Curtis Campher impresses but England easily see off Ireland

The 21-year-old South African made an unbeaten 59 on his debut at the Ageas Bowl

Ireland’s Curtis Campher bats during the First One Day International against England at the Ageas Bowl, Southampton. Photo: Adam Davy/NMC Pool/PA Wire

Ireland’s Curtis Campher bats during the First One Day International against England at the Ageas Bowl, Southampton. Photo: Adam Davy/NMC Pool/PA Wire

 

1st ODI of 3: England 174-4 (S Billings 67*, E Morgan 36*; C Young 2-56, A McBrine 1-47, C Campher 1-26) beat Ireland 172 all out (C Campher 59*, A McBrine 40; D Willey 5-30, S Mahmood 2-36) by six wickets.

Ireland were well on the way to embarrassing themselves – scoreboards don’t read much uglier than the 28-5 Andy Balbirnie’s side were reduced to after just 6.3 overs. But it was then, walking out on international debut to face the music of David Willey’s hat-trick ball, when Curtis Campher determined otherwise. Yes, the world champions went on to take the first one-dayer comfortably, winning by six wickets, but the new man’s unbeaten 59 saved visitor’s blushes by pushing them to 174, later taking a wicket within four deliveries of his introduction to leave the hosts 78-4 with work still to do. It was quite the first impression.

Doubly so when considering how Campher bolted into the side: not only has he never played a game in Ireland but, until eight weeks ago, he was stuck in his native South Africa due to Covid-19. With the bat, the 21-year-old displayed all the poise the top order lacked in the opening exchanges after they were inserted on a perfect summer afternoon. For the sixth wicket, alongside mainstay Kevin O’Brien, he added 51, and when his senior partner fell – and Simi Singh ran himself out moments later – he put on a further 68 for the eighth wicket with Andy McBrine, who slapped 40. There was nothing flashy about the new man’s work, accumulating carefully until the final wicket fell in the 45th over, but it was essential.

“It was an old-school knock but exactly what we needed for someone to occupy the crease and adapt to the conditions which us top five batters weren’t able to do,” Balbirnie said of his new all-rounder. “It was as good a debut as I’ve seen in an Irish shirt in the last number of years and is a huge positive to say he is only 21 and hopefully he can get better.”

It was a considerable gamble for Campher to leave the South African national pathway so early in his career, representing the Proteas just two years ago at under-19 level. But armed with a burgundy passport, courtesy of a grandmother who was born in Ireland, he backed himself with confidence that is apparent both through his cricket and words. With the brain’s trust moving into the future with a decidedly younger team – this was the first time four players under the age of 25 have turned out since 2016; also the only ODI former captain William Porterfield has missed since 2014 – his timing is perfect.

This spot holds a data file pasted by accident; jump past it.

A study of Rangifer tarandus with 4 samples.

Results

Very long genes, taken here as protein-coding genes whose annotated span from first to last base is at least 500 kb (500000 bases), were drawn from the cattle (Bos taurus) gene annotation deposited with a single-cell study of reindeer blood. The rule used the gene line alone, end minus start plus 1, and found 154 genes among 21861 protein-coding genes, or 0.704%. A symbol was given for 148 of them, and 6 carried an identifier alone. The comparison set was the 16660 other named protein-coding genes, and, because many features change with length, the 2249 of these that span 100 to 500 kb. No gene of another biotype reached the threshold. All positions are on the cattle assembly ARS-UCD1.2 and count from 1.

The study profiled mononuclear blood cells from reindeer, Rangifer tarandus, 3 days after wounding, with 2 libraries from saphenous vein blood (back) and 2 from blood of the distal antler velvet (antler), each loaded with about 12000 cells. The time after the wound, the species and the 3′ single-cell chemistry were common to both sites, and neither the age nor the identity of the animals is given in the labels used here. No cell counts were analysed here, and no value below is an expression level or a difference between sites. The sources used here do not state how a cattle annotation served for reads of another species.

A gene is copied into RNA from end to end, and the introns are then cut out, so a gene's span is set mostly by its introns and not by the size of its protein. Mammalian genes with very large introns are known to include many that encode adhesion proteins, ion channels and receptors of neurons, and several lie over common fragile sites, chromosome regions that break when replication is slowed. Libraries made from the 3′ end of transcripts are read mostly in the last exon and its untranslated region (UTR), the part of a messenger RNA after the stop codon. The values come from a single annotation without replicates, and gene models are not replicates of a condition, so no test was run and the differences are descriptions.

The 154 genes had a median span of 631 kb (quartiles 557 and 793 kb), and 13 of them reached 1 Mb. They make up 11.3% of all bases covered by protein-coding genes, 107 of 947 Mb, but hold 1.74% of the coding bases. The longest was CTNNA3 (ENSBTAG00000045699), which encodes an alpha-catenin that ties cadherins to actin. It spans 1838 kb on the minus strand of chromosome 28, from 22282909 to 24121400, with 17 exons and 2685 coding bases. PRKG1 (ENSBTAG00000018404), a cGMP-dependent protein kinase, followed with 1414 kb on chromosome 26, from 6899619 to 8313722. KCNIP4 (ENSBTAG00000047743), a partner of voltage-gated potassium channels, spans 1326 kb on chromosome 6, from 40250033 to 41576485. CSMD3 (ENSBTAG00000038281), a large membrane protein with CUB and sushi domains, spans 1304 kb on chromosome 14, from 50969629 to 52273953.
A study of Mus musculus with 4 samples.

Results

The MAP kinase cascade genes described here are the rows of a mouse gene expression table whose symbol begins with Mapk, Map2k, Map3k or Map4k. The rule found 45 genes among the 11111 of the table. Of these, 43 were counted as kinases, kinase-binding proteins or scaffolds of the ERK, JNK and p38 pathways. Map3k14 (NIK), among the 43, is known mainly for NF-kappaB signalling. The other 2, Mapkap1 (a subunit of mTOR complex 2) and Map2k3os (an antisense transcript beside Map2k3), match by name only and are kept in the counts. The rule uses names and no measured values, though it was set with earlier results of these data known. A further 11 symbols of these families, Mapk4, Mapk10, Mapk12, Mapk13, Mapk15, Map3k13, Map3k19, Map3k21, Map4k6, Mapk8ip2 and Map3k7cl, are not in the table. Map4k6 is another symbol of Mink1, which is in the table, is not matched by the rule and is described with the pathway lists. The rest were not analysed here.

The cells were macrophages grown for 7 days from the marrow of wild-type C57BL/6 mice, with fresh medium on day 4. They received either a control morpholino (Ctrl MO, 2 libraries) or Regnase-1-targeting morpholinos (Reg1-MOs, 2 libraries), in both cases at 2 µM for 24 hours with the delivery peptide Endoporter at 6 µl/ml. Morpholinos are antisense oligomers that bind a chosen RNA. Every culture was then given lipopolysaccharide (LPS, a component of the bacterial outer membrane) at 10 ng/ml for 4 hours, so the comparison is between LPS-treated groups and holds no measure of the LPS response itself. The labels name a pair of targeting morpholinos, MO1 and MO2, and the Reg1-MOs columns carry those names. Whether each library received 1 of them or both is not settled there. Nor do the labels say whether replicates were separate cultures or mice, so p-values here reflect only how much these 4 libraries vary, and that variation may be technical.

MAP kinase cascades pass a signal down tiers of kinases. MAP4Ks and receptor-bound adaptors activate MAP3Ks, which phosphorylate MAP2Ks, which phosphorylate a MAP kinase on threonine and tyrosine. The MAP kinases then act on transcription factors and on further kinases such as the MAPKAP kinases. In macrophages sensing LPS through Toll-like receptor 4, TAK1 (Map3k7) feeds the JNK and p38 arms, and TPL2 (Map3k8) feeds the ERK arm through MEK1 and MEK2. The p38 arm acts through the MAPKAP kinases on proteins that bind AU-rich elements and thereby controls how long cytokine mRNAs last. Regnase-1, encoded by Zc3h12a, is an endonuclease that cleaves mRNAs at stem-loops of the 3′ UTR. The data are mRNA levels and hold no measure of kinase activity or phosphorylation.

England captain Eoin Morgan (right) fist bumps Ireland’s Gareth Delany after England’s win. Photo: Mike Hewitt/NMC Pool/PA Wire
England captain Eoin Morgan (right) fist bumps Ireland’s Gareth Delany after England’s win. Photo: Mike Hewitt/NMC Pool/PA Wire

Just as it was when Campher was brought into the attack for the 14th over, immediately rushing England wunderkind Tom Banton with extra pace, finding his top edge. For a brief moment, it was game on for a team with a reputation of killing giants. However, it was then Eoin Morgan – another man who knows all about changing cricketing allegiance – who calmed the situation for the hosts, the England captain joining top-scorer Sam Billings (64 not out) for an unbeaten 94-run stand, winning the game with 22.1 overs in hand via a straight six.

Positive as Campher’s introduction was, Ireland’s early collapse was an abrupt reminder of how tricky this transition period might be. Paul Stirling was the first of Willey’s five wickets, chipping to Morgan in the first over, before Balbirnie was his second, edging behind. Harry Tector, also making his bow, chopped on before scoring then Gareth Delany carved the left-armer to backward point. Lorcan Tucker was the fifth in the sequence, trapped first ball.

Craig Young, picked ahead of Boyd Rankin, bowled with accuracy and movement with the new ball, good enough to dismiss Jason Roy leg before and nick off James Vince in the power play. He had to stand up after Barry McKenzie hit the deck in the first over of Ireland’s defence, injuring an ankle. Between times, Andy McBrine deployed an excellent DRS referral to see the back of Jonny Bairstow. But for all that good work later on, as Balbirnie put it, “competing with a team like England, 170 just isn’t going to be enough.”

The three-game series, all to be played behind closed doors at the biosecure Ageas Bowl, continues on Saturday afternoon before concluding next Tuesday.